Tishman Speyer and Gabellini Sheppard Associates Revisit Proposals To Update Rockefeller Plaza

Aerial rendering of proposed updates for Rockefeller Plaza - Tishman Speyer; Gabellini Sheppard AssociatesAerial rendering of proposed updates for Rockefeller Plaza - Tishman Speyer; Gabellini Sheppard Associates

The Landmarks Preservation Commission is reviewing proposals to update the iconic Rockefeller Center public plaza in the heart of Midtown, Manhattan. Revised illustrations from developer Tishman Speyer and architect Gabellini Sheppard Associates offer a new look at the many changes their team team has in store for the historic plaza.

The proposed scope of work covers the Channel Gardens pools, the sunken plaza, pedestrian walkways throughout the area, and the many planters that outline the plaza.

The John D. Rockefeller Jr. monument will be removed from atop the sunken plaza stairway in an effort to ease pedestrian circulation at one of the busiest corners of the plaza. The monument will be relocated to the southern face of the Channel Gardens and pool area.

Existing photo (left; top and bottom) of Channel Gardens and the John D. Rockefeller Jr. monument compared to revised renderings (right; top and bottom) - - Tishman Speyer; Gabellini Sheppard Associates

Existing photo (left; top and bottom) of Channel Gardens and the John D. Rockefeller Jr. monument compared to revised renderings (right; top and bottom) – Tishman Speyer; Gabellini Sheppard Associates

The proposals also include alternative renderings marked “proposed summer stairs,” indicating that the plaza could feature a seasonal fanning stairway and removable planters in the warmer months. Unfortunately, the proposal documents contain minimal clarification on if this is what the project team intends or how this would be accomplished.

Existing photo (left; top and bottom) of sunken plaza compared to revised renderings (right; top and bottom) - Tishman Speyer; Gabellini Sheppard Associates

Existing photo (left; top and bottom) of sunken plaza compared to revised renderings (right; top and bottom) – Tishman Speyer; Gabellini Sheppard Associates

In front of the famed 30 Rock building, renderings reveal refurbished pavement, the removal of planters at West 50th Street and Rockefeller Plaza, and the disassembly of existing bollards. A glass-enclosed elevator, also along West 50th Street, would be removed as illustrated in the revised renderings. To create a more harmonious viewing experience, the project team has instead proposed a tiered garden that flanks the sunken plaza. This design replaces previous proposals for a lush cascade of greenery proposed in January.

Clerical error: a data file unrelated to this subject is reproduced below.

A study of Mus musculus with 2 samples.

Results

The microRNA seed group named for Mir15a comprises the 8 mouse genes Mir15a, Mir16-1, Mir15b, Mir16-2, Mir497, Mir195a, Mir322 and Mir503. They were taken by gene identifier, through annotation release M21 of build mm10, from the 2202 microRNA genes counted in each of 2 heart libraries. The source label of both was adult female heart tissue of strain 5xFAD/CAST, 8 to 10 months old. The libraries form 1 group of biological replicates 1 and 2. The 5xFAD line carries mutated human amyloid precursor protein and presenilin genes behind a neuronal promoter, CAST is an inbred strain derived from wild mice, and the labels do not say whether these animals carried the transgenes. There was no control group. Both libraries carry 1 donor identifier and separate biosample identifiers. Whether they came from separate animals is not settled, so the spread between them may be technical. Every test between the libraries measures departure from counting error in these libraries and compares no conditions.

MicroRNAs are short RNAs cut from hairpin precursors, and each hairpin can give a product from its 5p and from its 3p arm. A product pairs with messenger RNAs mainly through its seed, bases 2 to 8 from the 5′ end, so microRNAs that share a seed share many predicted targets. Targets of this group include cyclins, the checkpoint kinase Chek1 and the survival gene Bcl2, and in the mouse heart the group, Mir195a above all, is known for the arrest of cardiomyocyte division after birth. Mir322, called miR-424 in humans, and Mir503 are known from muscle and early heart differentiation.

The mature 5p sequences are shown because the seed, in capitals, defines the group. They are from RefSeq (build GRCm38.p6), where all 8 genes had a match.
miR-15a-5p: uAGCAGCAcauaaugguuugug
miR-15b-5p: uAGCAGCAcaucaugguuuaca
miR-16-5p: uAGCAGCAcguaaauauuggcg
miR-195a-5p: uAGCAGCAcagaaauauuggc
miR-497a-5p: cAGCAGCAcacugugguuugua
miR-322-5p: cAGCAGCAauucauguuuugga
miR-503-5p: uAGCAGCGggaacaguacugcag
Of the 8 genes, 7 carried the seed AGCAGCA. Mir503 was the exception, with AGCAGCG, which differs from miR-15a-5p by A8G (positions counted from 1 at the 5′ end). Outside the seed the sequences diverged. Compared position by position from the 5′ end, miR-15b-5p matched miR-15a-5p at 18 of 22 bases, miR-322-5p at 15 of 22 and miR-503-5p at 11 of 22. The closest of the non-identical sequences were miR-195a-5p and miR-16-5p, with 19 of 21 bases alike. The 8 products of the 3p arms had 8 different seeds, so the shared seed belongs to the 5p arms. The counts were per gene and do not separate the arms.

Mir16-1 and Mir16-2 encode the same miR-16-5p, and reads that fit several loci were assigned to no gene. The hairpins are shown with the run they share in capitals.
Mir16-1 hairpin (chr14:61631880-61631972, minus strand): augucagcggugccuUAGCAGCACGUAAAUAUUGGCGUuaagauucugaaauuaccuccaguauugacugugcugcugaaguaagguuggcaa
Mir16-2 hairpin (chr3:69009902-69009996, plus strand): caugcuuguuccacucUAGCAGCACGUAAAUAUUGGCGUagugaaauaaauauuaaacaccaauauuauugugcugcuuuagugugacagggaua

Existing photo (left) of 30 Rock pedestrian area compared to renderings (right) - Tishman Speyer; Gabellini Sheppard Associates

Existing photo (left) of 30 Rock pedestrian area compared to renderings (right) – Tishman Speyer; Gabellini Sheppard Associates

To create additional public seating, the project team intends to construct new seated areas at the northern edge of the sunken plaza, just below West 50th Street. A glass and bronze-enclosed elevator would be installed at the corner of the expanded seating area, which extends up to street level.

Rendering of expanded seating areas - Tishman Speyer; Gabellini Sheppard Associates

Rendering of expanded seating areas – Tishman Speyer; Gabellini Sheppard Associates

Along the edge of the sunken plaza, the level that is converted into a temporary skating rink during the winter months, the design team intends to restore the historic storefronts with new stone slabs and steel-framed glass doors, expanded planters, and recessed LED lighting fixtures.

Existing photo retail storefronts along the border of the sunken plaza - Tishman Speyer; Gabellini Sheppard Associates

Existing photo retail storefronts along the border of the sunken plaza – Tishman Speyer; Gabellini Sheppard Associates

Rendering of retail storefronts along the border of the sunken plaza - Tishman Speyer; Gabellini Sheppard Associates

Rendering of retail storefronts along the border of the sunken plaza – Tishman Speyer; Gabellini Sheppard Associates

Following a public hearing in January 2020, the Landmarks Preservation Commission was mostly pleased with the proposed renovations with limited opposition to the design intent. It remains to be seen when the project might kick off, and more importantly, when the public would regain access to the updated plaza following construction.


  1. Designed for stress relief, and peace of mind when I look at the lush nature. Life in the big city must be colorful, do you agree with me? Hello New York YIMBY.

  2. The article’s reference(s) to the plaza as being busy seems bizarre. When looking at the images I don’t see mobs or throngs congregating throughout the pedestrian spaces. Rockefeller Plaza and its crowds must be preserved or it would not be the “people magnet” that it is.

  3. this strikes me as a suburbanization of a quintessentially urban space; questionable at best, more likely, highly ill-advised.
    adding ‘greenery’ is the refuge of weak design: historically, sculpture has played a critical and central roll in the architectural program of the channel garden ensemble; removing significant works of art for landscape elements blunts the experience of this uniquely rich environment. a noble art-filled public place, unique in the city, shouldn’t be compromised for claims of ‘pseudo-accesibilty,’ and imagined commercial benefits.